My first European flight, 7 hours to Iceland and another 3 on to Hamburg, was nothing out of the ordinary. Slightly cramped legroom, small free beverage, the oh-so-sweet aroma of recycled plane air. Oh, and of course, the heavy burden of silent social obligation.

I’ve always felt I’m the perfect middle seat passenger. I’m small and quiet and never even use the restroom. (Probably a negative sign about my water intake, so I’ve been told.) But maybe that’s not always a good thing.

As we emerged frizzy-haired and empty-bellied from our redeye, my two traveling companions buzzed about what friendly world travelers they sat next to. I had only attempted to make conversation once with the young woman to my right and when her response was curt, I abandoned any efforts. The man to my left was stoic and big-boned in the way that spilled him across the imaginary boundaries of our seats. A bit intimidated by his stature and rapid German, I didn’t even attempt to connect over a mutual fondness for crosswords and Words with Friends.

Plane portal awash in soft orange sunset. View departing from DIA at sunset, crossing the Atlantic ocean. Darkness falls on Icelandair flight.

I do not self-identify as meek. So why, when uncomfortable, do I sometimes retreat into this persona? While I’m sure each reader has their own diagnosis, I am looking forward to nurturing more confidence during my trip. There are so many different kinds of confidence: in our abilities, appearance, talents, personality, heritage, actions, the list is endless. All compounded by an unfortunate reality – it is so very difficult to perceive ourselves accurately.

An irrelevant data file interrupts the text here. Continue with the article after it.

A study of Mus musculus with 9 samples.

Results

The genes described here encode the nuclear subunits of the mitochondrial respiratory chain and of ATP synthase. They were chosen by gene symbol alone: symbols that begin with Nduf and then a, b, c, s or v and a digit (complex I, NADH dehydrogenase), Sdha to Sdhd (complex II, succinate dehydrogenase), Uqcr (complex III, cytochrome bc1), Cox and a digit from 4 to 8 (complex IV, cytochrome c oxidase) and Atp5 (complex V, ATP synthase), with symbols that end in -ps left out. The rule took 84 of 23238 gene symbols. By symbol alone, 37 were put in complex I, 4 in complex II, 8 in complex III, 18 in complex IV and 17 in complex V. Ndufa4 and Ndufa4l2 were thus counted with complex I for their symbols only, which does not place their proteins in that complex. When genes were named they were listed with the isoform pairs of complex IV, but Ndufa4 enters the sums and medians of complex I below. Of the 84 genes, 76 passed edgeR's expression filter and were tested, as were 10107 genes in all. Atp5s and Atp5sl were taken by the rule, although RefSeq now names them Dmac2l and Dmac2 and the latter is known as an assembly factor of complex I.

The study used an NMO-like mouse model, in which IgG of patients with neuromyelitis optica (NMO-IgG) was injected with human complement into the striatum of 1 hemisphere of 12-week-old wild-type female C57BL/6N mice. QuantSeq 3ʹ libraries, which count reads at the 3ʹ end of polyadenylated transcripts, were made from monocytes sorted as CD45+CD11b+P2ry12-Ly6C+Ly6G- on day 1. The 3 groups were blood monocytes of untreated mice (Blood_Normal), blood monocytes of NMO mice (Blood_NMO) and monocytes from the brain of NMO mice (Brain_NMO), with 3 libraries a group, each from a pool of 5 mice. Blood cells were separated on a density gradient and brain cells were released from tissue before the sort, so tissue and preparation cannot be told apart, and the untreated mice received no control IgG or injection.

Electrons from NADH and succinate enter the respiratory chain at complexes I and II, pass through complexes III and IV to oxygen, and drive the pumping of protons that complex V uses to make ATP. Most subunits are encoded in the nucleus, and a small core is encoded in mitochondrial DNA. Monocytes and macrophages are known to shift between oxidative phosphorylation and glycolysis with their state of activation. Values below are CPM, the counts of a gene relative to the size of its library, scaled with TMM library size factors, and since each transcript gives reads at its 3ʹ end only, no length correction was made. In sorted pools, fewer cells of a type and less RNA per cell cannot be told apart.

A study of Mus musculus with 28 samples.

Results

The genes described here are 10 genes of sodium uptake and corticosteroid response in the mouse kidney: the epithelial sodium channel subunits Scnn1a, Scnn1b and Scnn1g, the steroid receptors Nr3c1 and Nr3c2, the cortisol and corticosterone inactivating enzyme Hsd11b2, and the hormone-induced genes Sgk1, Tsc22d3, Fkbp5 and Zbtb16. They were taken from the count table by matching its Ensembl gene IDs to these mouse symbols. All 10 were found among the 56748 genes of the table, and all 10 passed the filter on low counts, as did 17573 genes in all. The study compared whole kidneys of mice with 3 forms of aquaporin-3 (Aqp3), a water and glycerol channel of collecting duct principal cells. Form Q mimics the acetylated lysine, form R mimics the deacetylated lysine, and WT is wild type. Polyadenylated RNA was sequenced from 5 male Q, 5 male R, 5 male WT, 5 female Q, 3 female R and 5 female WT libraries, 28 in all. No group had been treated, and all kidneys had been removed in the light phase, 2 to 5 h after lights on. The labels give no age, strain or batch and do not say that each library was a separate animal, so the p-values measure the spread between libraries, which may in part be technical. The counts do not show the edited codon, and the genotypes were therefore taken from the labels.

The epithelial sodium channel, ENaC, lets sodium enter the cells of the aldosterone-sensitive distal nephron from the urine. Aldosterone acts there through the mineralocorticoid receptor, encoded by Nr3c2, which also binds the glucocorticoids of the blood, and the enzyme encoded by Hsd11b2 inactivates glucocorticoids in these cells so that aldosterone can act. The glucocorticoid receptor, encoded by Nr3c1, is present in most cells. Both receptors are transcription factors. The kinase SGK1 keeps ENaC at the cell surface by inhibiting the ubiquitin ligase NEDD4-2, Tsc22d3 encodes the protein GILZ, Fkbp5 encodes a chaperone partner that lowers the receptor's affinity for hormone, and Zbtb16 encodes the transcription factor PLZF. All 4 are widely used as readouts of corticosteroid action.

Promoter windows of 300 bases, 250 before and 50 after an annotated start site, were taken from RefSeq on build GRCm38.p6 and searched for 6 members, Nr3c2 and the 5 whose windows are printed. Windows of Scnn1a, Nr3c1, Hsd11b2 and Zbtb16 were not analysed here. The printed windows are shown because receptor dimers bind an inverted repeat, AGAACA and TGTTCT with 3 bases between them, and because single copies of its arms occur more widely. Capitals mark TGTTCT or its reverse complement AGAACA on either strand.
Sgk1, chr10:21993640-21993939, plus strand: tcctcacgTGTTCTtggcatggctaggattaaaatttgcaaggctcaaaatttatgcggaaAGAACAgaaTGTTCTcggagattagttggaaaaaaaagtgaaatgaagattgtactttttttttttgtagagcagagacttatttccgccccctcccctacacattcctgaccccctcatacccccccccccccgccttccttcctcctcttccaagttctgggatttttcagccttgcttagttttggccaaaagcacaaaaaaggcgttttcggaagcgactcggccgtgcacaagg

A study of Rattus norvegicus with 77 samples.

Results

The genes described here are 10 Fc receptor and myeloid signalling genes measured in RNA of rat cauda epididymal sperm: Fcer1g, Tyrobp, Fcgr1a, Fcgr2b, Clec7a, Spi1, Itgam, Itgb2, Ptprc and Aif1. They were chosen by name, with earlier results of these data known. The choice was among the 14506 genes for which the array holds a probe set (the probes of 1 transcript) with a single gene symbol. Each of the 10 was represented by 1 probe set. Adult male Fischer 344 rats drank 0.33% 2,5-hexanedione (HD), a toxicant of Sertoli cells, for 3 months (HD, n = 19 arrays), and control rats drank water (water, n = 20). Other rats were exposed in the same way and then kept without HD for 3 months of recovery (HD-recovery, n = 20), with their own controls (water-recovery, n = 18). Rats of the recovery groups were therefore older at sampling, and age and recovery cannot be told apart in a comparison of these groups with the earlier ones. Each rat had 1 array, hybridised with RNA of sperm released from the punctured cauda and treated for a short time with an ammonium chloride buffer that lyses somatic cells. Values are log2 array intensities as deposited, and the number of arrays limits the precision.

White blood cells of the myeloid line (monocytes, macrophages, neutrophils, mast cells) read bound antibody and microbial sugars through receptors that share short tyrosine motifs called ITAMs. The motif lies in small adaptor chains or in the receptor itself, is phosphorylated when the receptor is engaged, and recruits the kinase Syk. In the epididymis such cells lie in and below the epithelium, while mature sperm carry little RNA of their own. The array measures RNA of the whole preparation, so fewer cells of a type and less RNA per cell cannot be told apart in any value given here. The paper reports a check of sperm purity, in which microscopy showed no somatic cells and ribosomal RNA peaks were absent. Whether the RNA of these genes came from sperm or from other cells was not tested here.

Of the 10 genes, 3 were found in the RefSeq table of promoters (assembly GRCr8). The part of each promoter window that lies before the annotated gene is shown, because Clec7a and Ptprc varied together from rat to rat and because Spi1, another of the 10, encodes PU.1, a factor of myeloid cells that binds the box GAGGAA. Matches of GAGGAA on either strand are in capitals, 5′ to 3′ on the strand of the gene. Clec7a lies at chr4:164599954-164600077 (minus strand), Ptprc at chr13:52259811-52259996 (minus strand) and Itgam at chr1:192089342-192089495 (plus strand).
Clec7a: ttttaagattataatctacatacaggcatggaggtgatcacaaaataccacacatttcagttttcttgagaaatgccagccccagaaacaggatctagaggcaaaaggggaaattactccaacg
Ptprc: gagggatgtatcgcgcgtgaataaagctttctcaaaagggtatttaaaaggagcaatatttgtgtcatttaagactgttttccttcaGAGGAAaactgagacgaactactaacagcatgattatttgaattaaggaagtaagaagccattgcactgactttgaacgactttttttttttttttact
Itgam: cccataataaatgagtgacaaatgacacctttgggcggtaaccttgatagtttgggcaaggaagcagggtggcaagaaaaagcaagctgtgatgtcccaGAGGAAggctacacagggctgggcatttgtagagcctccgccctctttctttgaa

Man overlooks countryside of hometown - Hamburg, Germany.

A peaceful conversation during which names did not constitute identity. “Pensive German man overlooking hometown” was defined by thoughtful questions, kindly allowing his wife to doze on his shoulder for 3 hours, and a remarkable ability to speedread.

The next flight, I convinced myself that my seat 2 feet across from the toilet was the best seat on the plane. I introduced myself to the German couple next to me. I insisted on receiving a free newspaper, contrary to my flight attendant’s equally stubborn opinion that a copy in Icelandic would be of no use to me. It doesn’t even matter whether it was the mindfulness or a slice of pizza snagged between flights, a good attitude and self-care are both important.

Living the very average struggles of study abroad has already pushed my boundaries. I thoroughly understand why it’s called luggage and envy the genius of European trains while being simultaneously overwhelmed by a rapidfire procession of stops whose names I could never accurately repeat. Throw in a good 20 minutes of adapter/outlet confusion, and all I’m missing is the lovely woe of traveler’s illness, surely to come. My bus to Bremerhaven leaves in 8 short hours, so my shipboard first impressions will come l̶i̶v̶e̶ post-dated from Barcelona. Auf Wiedersehen!